A girlfriend by any other name

It’s a bothersome point of semantical concern here in the modern age, and one that will, sooner or later, affect you. Maybe. Let’s say you’re a 43-year-old divorcee of either gender, and after months of excruciating, embarrassing and expensive searching, you’ve finally found a nice person to see, date and explore climactic facial expressions with on a semi-regular basis. If you two were juniors in high school, the terminology would be a snap: You would be going steady, and he/she would be your boyfriend/girlfriend. The question here is, with two people who have been out of high school for at least 25 years, aren’t there any, you know, grown-up terms to describe this important stage of human interaction?

Because, let’s face it, as soon as you show up at the party and say to someone, “I’d like you to meet my boyfriend Jughead,” or “my girlfriend Veronica,” you instantly think to yourself, “Golly, isn’t there a better way?”

Turns out to be a good question, even if it is trite. And really, there’s not much to choose from out there.

Lover—this one might sound good in your head, and it might even be one you’d like to use, but there’s something about it that’s just too much. It’s just so god-danged European, with its burning implication that “you folks are very lucky to see us in public tonight, since we usually spend every waking moment buck naked, writhing and gasping towards yet another soul-exploding double orgasm.”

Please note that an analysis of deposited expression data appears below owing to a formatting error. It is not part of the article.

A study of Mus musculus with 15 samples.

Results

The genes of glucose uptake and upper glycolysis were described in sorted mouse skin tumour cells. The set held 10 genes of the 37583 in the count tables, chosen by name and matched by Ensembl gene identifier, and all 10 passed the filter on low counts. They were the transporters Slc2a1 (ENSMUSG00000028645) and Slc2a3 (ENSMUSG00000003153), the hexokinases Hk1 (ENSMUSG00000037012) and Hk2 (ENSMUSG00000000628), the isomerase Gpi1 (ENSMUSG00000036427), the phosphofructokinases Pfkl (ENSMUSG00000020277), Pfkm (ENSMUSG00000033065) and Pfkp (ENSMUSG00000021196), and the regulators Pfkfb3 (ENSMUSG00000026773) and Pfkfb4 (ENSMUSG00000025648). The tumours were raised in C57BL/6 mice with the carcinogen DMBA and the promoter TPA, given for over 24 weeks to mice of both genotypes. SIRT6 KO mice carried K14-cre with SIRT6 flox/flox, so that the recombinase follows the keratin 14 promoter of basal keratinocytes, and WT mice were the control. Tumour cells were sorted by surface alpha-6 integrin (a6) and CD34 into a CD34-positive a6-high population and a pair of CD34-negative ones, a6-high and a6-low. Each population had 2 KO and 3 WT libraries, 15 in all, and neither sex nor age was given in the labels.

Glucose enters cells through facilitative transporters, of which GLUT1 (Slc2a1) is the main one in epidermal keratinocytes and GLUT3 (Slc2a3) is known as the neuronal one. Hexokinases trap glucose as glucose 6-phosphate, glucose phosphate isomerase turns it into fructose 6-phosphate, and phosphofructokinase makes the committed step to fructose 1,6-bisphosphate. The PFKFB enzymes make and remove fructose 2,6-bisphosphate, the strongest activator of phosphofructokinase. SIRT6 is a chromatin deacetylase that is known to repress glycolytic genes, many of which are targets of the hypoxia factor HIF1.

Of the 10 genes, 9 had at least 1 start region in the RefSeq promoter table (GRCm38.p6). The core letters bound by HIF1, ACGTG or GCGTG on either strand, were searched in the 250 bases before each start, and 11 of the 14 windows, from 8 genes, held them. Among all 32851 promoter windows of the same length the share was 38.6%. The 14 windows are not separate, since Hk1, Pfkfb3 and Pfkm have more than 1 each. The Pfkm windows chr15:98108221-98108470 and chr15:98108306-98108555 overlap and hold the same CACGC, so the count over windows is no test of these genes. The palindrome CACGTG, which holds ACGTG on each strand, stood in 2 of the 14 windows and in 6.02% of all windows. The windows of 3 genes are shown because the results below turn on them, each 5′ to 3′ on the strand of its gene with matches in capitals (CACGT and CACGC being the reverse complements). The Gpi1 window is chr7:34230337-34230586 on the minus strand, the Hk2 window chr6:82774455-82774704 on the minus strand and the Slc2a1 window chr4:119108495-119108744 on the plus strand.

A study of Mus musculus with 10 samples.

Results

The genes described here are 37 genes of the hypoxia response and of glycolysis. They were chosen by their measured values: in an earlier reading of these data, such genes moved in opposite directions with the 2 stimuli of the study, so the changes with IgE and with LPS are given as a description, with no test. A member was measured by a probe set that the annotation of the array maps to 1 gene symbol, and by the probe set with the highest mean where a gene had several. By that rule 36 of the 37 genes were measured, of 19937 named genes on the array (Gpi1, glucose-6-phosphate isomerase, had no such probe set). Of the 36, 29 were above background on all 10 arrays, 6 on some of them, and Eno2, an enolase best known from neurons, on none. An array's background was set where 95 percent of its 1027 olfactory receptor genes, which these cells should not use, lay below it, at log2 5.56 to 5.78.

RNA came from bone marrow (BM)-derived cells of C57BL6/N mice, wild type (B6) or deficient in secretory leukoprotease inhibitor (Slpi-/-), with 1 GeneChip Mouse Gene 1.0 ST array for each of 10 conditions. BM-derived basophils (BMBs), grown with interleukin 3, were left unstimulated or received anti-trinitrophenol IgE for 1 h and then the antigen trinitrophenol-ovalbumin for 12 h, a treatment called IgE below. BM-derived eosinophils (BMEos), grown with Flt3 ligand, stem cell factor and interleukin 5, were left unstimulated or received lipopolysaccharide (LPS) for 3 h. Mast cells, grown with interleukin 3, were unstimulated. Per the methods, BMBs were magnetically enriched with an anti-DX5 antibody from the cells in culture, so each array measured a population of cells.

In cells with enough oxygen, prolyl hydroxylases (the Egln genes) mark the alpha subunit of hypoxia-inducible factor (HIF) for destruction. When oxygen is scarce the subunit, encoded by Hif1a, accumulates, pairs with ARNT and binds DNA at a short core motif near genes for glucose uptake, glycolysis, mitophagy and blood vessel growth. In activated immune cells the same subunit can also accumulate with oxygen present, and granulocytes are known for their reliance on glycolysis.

Significant other, or SO—this term, to perhaps mild surprise, is holding up fairly well. It doesn’t imply the carnal boastfulness of “lover,” conveys a sense of steadiness and even commitment, and yet carries a slightly humble aura about the fact that you’re feeling fortunate about the whole turn of events. This could well be the most usable term in a weak field, with the abbreviated “ess-oh” being completely acceptable.

Companion—um, no. It sounds like you’re playing tetherball after lunch.

Partner—negative. Sounds like you’re together until your relationship and/or business venture goes into bankruptcy.

Baby—nope. Unless you’re a rock musician or an alcoholic, there’s no chance you’re gonna get away with “I’d like you to meet my baby, Ralph.”

Sweetheart/sweetie—on paper, this may not look all that good, but somehow, to the ear, it doesn’t come off half as square as you might think. Still quite usable, and preferable to darling/darlin’.

Old man/old lady—as in “This is my … ” Although a true classic from an outlandish period in American cultural history, this one really has no modern use unless you’re attending the next Rainbow Festival.

Bitch—gents, it’s tough to imagine any situation where this is acceptable. You’re better off going with bee-hotch, and even then, only in a very loud setting (rock show, NASCAR event).

Which leads one to conclude that, in the final analysis, there’s no way you can go wrong by just introducing your baby/lover/sweetie by name and name alone.